We recently purchased 20 used hard disk drives from eBay and used basic file recovery software to examine the drive contents.
Data that people would consider extremely valuable – tax records, privileged attorney/client information, scans of completed federal forms, and more – often creates digital footprints we'd rather not leave behind.
This post is a part of a eight-part series from the white paper "Hard Drive Security Study". Can't wait to read the whole paper? You don't have to! Read it right here
THE LAWYER’S DRIVE
Of all of the drives in the 2014 study, one stood out from the rest. The original owner of the drive was a lawyer, and we have no doubt that his clients would be upset to learn that the person they hired and trusted to keep their information private and secure failed to do so. The lawyer, in turn, would likely be upset that the PC shop that had his hard drive, sold it without erasing it properly. A lot of the data on this hard drive was about the lawyer’s family and legal business, but it also included documents about clients and their legal cases. On the first attempt, this hard drive appeared to be nonfunctional—the drive would click instead of mounting. We found that the drive would function properly only if oriented upside-down; when a hard drive is having a hardware failure it can help to return it to the orientation it was most used in order to recover data. Here’s a brief list of what we found on that one hard drive:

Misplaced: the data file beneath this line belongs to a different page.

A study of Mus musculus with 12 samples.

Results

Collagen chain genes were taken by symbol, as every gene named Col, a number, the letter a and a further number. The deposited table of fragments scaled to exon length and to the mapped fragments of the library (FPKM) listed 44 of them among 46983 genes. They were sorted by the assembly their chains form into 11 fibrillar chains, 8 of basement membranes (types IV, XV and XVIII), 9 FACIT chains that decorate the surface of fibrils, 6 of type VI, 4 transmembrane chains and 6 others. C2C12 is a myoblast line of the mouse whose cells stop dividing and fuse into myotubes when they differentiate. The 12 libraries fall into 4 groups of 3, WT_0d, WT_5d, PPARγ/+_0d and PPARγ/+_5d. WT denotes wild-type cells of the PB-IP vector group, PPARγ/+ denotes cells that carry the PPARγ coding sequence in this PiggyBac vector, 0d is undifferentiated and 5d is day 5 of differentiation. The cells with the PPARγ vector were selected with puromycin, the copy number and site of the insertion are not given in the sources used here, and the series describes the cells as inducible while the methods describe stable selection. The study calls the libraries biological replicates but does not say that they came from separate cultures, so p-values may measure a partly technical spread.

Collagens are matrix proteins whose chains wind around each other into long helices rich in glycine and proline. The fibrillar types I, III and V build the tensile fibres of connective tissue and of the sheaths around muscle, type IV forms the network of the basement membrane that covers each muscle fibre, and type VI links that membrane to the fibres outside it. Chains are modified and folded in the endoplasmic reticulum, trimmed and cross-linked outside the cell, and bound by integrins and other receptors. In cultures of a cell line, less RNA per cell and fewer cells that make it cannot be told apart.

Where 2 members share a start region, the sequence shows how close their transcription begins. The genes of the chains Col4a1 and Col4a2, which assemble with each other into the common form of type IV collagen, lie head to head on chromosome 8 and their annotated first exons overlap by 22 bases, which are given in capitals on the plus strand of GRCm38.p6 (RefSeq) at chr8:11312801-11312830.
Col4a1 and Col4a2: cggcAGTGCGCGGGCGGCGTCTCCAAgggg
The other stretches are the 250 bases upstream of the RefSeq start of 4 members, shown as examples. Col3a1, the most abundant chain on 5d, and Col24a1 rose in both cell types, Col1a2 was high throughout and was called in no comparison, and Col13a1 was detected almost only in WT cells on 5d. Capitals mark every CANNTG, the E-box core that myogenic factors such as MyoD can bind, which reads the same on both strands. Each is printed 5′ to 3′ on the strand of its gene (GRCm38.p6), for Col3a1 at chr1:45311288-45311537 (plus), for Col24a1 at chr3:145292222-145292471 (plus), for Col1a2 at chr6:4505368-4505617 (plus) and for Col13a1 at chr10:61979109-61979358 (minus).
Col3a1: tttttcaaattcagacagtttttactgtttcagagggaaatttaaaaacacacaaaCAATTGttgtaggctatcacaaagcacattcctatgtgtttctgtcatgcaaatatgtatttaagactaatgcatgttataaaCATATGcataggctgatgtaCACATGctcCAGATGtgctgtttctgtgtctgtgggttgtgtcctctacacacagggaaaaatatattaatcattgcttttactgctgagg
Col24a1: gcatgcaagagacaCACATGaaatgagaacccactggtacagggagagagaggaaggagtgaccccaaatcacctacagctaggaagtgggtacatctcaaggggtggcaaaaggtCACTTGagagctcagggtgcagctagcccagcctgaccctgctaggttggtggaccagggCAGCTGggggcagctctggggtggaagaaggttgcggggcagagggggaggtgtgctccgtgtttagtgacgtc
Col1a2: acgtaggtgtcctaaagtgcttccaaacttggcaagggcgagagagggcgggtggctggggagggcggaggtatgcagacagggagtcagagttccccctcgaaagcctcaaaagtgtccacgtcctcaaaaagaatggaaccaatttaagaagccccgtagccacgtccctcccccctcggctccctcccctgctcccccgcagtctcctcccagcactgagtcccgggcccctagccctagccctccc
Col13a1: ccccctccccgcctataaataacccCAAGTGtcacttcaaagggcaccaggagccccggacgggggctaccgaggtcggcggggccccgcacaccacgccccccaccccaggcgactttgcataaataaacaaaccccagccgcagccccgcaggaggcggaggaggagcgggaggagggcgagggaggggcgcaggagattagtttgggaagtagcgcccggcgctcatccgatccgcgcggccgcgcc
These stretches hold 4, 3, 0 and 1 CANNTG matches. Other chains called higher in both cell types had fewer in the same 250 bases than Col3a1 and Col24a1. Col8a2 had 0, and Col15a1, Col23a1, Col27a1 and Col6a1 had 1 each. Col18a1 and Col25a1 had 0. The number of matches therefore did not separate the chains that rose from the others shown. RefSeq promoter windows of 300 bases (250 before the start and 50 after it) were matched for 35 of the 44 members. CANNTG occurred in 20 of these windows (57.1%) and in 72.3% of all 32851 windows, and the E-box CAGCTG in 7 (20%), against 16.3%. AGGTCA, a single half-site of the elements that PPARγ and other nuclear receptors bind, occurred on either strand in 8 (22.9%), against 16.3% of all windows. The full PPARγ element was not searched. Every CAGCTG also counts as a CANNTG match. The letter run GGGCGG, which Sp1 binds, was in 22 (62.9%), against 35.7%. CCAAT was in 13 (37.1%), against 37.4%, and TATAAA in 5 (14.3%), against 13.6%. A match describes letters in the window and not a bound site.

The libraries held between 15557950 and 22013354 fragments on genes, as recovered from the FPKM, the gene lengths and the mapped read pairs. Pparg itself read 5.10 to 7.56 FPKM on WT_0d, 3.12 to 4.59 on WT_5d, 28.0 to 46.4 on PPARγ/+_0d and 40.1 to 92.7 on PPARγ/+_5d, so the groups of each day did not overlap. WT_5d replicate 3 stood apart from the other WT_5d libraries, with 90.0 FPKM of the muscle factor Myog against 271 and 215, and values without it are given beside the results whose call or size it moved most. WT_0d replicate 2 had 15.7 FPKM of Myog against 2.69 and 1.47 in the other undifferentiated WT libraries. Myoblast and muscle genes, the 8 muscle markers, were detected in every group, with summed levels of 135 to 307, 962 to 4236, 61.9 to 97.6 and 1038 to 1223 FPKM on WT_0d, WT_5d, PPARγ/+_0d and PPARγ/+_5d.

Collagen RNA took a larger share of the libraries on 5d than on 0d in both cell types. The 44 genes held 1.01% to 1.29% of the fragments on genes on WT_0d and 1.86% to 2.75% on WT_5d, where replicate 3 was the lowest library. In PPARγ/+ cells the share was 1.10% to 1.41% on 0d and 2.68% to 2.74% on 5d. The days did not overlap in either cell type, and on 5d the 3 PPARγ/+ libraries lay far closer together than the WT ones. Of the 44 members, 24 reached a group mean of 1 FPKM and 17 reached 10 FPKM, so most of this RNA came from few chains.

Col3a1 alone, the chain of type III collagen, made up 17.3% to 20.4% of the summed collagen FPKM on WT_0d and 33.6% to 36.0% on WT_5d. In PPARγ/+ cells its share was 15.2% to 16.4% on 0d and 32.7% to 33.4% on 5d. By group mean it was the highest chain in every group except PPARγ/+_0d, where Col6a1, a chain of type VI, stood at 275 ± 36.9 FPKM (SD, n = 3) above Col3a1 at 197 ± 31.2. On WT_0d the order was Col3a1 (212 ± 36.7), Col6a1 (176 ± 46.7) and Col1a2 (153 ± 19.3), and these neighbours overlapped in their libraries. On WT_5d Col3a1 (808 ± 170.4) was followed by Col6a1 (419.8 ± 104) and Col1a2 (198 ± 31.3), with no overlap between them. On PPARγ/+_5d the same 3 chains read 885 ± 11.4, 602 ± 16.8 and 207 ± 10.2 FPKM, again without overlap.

• The lawyer’s wife’s W2s—including SSNs and income information
• His completed, signed, and scanned 1040 tax return • A signed—but otherwise blank—power of attorney form
• A scan of a police-issued ticket to the lawyer’s son on possession of marijuana
• Records indicating his son’s commitment to a rehabilitation center, including bills, receipts, and detailed weekly progress reports
• Scans of handwritten letters from the son back to home
• Debt reduction information with a certain bank, including detailed lists of assets, such as specific stock holdings, owned by the hard drive owner
• Scans of the drive owner’s driver license
• The drive owner’s credit card numbers (with expiration date and CSV) on hand-written and scanned documents
• And finally, volumes of client data (judge orders, motions filed, etc.) in more than 500 PDFs and 500 word documents A majority of this drive went unchecked, as there was no point to continue—clearly there was a lot of damning information.
This post is an excerpt from the white paper "Hard Drive Security Study".